It's a playful rivalry now, but competition between Mpls. and St. Paul was once fierce
The Twin Cities rivalry between Minneapolis and St. Paul may be mostly good-natured these days.
But in the late 1800s, as the cities grew rapidly from frontier towns into centers of politics and industry, the competition between them was fierce.
Each wanted to claim the prize of being the bigger city, and those tensions came to a head during the census of 1890.
The frenzied push to count the population of each city grew corrupt and underhanded, drawing national attention and gifting America with a new phrase: "padding the numbers."
1890 was a major census year for the Twin Cities. Ten years prior, the population of Minneapolis, with its booming saw and flour milling industries, had surpassed St. Paul. By 1890, both cities had more than tripled in population, and both cities wanted to be declared the biggest.
Bigger cities at the time were perceived as better, more wholesome places, Magnuson said. They had more political clout, too.
"It's almost like a boxing match," Magnuson said of the census. "They're they're duking it out with each other. Both sides are guilty (of underhanded tactics). One side is just a little smarter about it than the other."
Inflating the numbers
St. Paul officials, seeking to catch up to Minneapolis, knew everyone in the city needed to be counted. Minneapolis wanted to ensure its population stayed ahead. Enumerators were local hires, and they had two weeks to do the job. They went door to door, and then reported their results.
"When the numbers started to come back in the tallies, it was becoming clear that Minneapolis had a lot of people. And St. Paul was becoming suspicious that maybe there was something afoot," Magnuson said.
There were reports of many homes listed as having 10 people living in them. Other workers were accused of reporting residents at addresses that didn't exist.
And some enumerators reportedly counted people buried in cemeteries, gathering names off tombstones.
"There was probably actually a lot of incentive to pad because ... as an enumerator you got paid by the name," Magnuson said. "It's kind of like — well, why wouldn't you do that?"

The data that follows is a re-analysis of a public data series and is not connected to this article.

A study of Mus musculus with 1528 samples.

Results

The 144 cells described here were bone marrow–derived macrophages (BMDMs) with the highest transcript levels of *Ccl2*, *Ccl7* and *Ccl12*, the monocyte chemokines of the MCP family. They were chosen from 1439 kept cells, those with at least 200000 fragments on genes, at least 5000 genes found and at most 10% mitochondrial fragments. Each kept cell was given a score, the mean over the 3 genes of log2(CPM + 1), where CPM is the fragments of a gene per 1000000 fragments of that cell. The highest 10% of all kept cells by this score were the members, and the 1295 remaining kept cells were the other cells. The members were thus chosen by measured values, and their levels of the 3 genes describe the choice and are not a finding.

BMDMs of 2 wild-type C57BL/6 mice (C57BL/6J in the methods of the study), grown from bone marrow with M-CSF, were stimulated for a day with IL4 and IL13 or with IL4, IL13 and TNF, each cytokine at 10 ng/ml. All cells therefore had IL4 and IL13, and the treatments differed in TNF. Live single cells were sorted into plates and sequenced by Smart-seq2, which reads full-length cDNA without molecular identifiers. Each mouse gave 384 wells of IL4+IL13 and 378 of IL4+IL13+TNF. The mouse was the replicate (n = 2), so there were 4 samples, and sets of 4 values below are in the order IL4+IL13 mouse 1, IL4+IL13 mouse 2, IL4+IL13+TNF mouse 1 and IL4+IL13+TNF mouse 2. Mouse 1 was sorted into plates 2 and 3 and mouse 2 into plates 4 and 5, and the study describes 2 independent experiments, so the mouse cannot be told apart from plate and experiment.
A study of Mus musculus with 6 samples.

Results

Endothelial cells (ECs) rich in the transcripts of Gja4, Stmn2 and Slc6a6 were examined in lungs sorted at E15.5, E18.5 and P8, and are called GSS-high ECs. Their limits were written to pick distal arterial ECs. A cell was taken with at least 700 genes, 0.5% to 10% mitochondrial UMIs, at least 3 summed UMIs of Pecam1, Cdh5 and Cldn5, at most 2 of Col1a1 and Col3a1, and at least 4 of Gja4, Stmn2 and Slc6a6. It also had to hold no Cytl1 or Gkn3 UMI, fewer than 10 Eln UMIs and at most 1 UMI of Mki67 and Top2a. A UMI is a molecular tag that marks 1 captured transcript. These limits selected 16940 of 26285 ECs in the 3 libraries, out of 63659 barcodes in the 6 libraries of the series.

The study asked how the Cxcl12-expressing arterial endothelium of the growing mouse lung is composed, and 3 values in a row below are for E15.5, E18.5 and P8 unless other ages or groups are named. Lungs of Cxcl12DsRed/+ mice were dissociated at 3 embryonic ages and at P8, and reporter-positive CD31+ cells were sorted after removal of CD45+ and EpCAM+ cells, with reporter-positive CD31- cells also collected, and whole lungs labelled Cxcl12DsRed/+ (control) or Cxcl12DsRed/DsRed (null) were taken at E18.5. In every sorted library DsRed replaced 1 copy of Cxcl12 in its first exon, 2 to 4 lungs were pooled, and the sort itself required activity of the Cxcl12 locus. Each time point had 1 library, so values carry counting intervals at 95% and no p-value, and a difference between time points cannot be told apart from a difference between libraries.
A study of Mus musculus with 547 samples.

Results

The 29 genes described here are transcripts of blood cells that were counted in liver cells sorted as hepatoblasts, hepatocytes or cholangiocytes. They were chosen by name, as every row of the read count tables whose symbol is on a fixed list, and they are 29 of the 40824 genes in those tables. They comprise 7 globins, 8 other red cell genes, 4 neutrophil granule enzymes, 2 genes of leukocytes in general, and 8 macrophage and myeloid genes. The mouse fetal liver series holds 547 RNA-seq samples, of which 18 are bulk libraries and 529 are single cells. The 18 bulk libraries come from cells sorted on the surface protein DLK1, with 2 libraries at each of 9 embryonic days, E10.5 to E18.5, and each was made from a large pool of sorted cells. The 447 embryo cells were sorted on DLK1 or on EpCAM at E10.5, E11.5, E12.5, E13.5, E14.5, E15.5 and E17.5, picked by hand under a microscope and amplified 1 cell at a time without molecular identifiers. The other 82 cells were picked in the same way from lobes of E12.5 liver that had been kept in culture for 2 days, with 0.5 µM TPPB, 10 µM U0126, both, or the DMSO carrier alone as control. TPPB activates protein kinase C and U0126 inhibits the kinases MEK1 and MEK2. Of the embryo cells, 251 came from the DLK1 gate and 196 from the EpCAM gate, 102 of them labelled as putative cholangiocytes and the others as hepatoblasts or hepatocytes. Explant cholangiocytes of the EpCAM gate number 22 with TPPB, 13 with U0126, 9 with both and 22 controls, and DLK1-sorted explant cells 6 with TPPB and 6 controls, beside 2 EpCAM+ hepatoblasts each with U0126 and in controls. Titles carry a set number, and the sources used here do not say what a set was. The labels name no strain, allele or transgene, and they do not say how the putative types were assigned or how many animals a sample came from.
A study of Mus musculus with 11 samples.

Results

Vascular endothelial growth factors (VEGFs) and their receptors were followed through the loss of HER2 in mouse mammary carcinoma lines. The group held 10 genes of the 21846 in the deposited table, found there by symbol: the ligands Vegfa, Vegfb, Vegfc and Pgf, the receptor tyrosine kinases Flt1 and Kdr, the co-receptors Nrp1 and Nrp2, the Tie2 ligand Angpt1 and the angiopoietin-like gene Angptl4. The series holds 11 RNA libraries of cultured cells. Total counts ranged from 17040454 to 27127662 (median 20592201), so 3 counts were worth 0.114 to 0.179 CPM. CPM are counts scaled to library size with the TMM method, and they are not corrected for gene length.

St. Paul city officials enlisted a private detective to spy on Minneapolis enumerators. The detective tracked them to a Minneapolis hotel that he said was the hub of the fraudulent census tallies. Late one night, a U.S. marshal burst in on the men, shattering a window in the struggle. Seven men were shoved onto a train, brought across the river to St. Paul and thrown in jail on charges of fraud.
The newspapers had a field day. Minneapolis headlines took one view:
"Outrageous! A dastardly piece of legal vandalism! Minneapolis enumerators arrested in the night."
St. Paul papers disagreed:
"Arrested! Minneapolis enumerators charged with padding. Returns come to grief. Scheme to swell the population of the Flour City knocked in the head."
The fight became so contentious that federal officials in Washington ordered a census recount. That was a rare, expensive endeavor at a time when there was no standing census bureau.
Squabbling cities are nothing new. But Magnuson said that looking back at Minneapolis and St. Paul's 1890 battles, "it's unique in how vicious it was. It's unique in that there are arrests made and we have this account of that."
The jailed men were quietly released the next day; most had their charges dropped. The new census report vindicated Minneapolis as the larger city, and — ever so slowly — relations between the two cities improved.
Minneapolis has remained the biggest city since. In 2018, the Census Bureau estimated the population of Minneapolis at 425,403 and St. Paul's population at 307,695.
As local and federal officials gear up for the 2020 census, it's undercounting, not overcounting, that is the concern.
The U.S. Census Bureau can easily rule out the padding tricks of the 1890s, with most addresses now easily verifiable. Instead, a range of groups are at risk of being undercounted: "low-wealth communities or people with language barriers ... immigrants, populations of color and renters," among others, said Susan Brower, the Minnesota state demographer.
Young children are sometimes left off the list when adults in the home fill out the census forms. Census officials can pinpoint the groups at greatest risk of not being counted, Brower said. "Then it becomes a matter of trying to do outreach on the front end so they know that it's coming and understand why it's important.”
Brower noted that the Census Bureau's usual pre-census push to raise awareness has been slowed this year due to low funding.
Census forms come out March 2020. For those who don't fill them out, enumerators will go door to door, just like they have every decade when trying to count everyone accurately.